Quote of the week

Although judicial proceedings will generally be bound by the requirements of natural justice to a greater degree than will hearings before administrative tribunals, judicial decision-makers, by virtue of their positions, have nonetheless been granted considerable deference by appellate courts inquiring into the apprehension of bias. This is because judges ‘are assumed to be [people] of conscience and intellectual discipline, capable of judging a particular controversy fairly on the basis of its own circumstances’: The presumption of impartiality carries considerable weight, for as Blackstone opined at p. 361 in Commentaries on the Laws of England III . . . ‘[t]he law will not suppose possibility of bias in a judge, who is already sworn to administer impartial justice, and whose authority greatly depends upon that presumption and idea’. Thus, reviewing courts have been hesitant to make a finding of bias or to perceive a reasonable apprehension of bias on the part of a judge, in the absence of convincing evidence to that effect.

L'Heureux-Dube and McLachlin JJ
Livesey v The New South Wales Bar Association [1983] HCA 17; (1983) 151 CLR 288
17 July 2008

Ronald Suresh Roberts may be a plagiarist says Press Ombudsman

The Press Ombudsman panel dismissed a complaint by Ronald Suresh Roberts (also known as Robert Kevin Roberts) against The Weekender newspaper this week. The paper reported late last year that Roberts had been charged with plagiarism by Aids denialist Anthony Brink for lifting passages from Brink’s unpublished book and using it in his “biography” of President Thabo Mbeki, Fit to Govern.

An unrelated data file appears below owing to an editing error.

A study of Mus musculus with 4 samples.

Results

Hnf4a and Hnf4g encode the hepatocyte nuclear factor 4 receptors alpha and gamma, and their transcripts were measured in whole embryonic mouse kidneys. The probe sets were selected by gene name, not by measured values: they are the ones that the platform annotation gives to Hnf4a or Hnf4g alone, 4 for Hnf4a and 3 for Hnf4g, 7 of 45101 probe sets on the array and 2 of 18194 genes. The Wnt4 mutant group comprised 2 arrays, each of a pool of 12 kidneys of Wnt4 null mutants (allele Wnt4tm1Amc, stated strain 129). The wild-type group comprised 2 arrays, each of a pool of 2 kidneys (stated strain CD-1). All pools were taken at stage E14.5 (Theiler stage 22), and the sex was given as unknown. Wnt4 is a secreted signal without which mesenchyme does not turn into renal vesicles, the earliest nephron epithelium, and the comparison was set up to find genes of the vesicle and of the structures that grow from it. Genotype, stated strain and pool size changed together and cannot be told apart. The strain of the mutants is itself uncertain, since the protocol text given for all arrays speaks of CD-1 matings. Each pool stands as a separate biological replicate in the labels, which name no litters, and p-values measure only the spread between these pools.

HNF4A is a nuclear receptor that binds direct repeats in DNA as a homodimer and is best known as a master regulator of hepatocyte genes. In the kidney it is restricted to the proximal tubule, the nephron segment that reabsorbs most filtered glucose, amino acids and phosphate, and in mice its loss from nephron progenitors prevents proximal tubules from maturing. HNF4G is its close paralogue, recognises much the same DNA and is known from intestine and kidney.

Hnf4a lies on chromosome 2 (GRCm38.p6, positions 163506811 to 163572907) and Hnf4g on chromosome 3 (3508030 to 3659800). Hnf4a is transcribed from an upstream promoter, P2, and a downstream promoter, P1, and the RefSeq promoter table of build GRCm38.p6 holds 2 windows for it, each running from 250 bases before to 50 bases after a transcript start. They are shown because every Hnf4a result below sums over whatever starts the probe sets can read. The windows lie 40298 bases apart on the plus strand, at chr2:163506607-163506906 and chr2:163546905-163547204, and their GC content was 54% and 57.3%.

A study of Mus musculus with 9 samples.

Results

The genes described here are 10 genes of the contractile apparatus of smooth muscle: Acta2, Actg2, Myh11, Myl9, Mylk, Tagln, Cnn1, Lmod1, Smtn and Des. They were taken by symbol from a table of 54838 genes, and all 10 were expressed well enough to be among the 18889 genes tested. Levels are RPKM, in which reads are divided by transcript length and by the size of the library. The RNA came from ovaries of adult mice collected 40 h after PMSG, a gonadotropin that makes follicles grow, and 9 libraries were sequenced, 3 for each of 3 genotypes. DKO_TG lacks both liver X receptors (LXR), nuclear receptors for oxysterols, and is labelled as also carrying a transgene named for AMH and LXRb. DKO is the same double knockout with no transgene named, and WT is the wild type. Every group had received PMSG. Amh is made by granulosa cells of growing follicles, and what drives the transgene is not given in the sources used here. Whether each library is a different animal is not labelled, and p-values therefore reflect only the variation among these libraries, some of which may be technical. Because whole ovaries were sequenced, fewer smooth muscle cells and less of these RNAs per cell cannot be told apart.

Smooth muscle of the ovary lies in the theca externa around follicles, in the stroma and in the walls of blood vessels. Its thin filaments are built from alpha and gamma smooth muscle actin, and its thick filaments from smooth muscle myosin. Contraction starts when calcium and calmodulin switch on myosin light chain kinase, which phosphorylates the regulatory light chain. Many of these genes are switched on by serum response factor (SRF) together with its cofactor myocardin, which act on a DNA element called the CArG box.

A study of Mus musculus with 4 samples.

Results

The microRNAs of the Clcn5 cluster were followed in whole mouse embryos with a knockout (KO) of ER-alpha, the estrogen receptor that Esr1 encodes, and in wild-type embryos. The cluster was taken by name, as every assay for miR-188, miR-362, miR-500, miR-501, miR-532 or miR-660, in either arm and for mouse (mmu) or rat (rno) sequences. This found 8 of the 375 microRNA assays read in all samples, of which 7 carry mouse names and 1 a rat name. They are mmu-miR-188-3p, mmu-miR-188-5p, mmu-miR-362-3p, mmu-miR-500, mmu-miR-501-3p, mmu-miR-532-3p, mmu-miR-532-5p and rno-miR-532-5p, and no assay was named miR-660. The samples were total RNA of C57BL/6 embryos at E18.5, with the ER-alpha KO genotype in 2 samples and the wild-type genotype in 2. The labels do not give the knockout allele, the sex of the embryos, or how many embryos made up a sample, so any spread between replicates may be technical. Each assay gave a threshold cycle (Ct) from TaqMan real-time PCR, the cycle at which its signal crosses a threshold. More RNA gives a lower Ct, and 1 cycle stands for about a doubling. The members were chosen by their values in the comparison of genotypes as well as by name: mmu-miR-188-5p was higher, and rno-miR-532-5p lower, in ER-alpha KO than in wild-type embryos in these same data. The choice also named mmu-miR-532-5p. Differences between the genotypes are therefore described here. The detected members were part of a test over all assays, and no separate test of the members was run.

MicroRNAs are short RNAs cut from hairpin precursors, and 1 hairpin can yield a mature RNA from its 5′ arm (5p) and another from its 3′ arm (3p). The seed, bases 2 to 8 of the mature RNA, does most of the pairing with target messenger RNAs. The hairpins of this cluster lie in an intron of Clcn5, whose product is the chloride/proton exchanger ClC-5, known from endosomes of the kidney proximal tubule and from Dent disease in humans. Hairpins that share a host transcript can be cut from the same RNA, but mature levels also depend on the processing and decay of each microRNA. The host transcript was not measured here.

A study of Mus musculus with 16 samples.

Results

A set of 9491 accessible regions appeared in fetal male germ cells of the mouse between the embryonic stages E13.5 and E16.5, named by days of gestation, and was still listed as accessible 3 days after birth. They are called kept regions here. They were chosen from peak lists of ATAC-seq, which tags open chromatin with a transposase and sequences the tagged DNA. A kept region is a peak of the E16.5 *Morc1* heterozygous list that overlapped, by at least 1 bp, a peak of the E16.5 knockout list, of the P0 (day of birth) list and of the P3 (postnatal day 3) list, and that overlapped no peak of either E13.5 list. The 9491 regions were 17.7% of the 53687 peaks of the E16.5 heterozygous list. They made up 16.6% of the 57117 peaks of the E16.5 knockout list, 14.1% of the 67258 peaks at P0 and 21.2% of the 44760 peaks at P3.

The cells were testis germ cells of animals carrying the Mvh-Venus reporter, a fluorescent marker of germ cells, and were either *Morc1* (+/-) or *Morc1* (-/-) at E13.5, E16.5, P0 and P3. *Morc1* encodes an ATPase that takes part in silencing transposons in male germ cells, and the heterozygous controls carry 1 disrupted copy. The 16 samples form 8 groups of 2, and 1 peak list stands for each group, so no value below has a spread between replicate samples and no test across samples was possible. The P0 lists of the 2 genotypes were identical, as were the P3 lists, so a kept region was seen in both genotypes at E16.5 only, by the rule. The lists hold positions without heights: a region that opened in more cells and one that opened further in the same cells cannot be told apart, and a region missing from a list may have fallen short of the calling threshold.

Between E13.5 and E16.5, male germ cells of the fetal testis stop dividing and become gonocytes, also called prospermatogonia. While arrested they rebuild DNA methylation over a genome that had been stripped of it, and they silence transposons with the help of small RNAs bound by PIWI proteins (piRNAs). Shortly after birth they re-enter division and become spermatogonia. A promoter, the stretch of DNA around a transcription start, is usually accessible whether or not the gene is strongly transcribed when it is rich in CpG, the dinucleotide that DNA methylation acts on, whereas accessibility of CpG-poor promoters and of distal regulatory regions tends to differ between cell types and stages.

Roberts was particularly upset by the poster of the newspaper titled Suresh Roberts caught cribbing because, he argued, it elevated the claims by Brink to the status of fact. The Press Ombudsman panel rejected his argument, stating that it was a fair reflection of the story and that the story was fair.

Significantly The Weekender editor, Peter Bruce, argued that this was so because the:

The Weekender believes that the publication was true or at least that they reasonably believed the facts to be true. The evidence appears on a balance of probabilities in relation to the plagiarism charge to bear fruit. The same applies to the billboard.” Bruce repeated this at the hearing: “The poster was true – he (Roberts) is a plagiarist.”

The Ombudsman panel found in favour of the newspaper, in effect endorsing the view of the newspaper that Roberts is a plagiarist.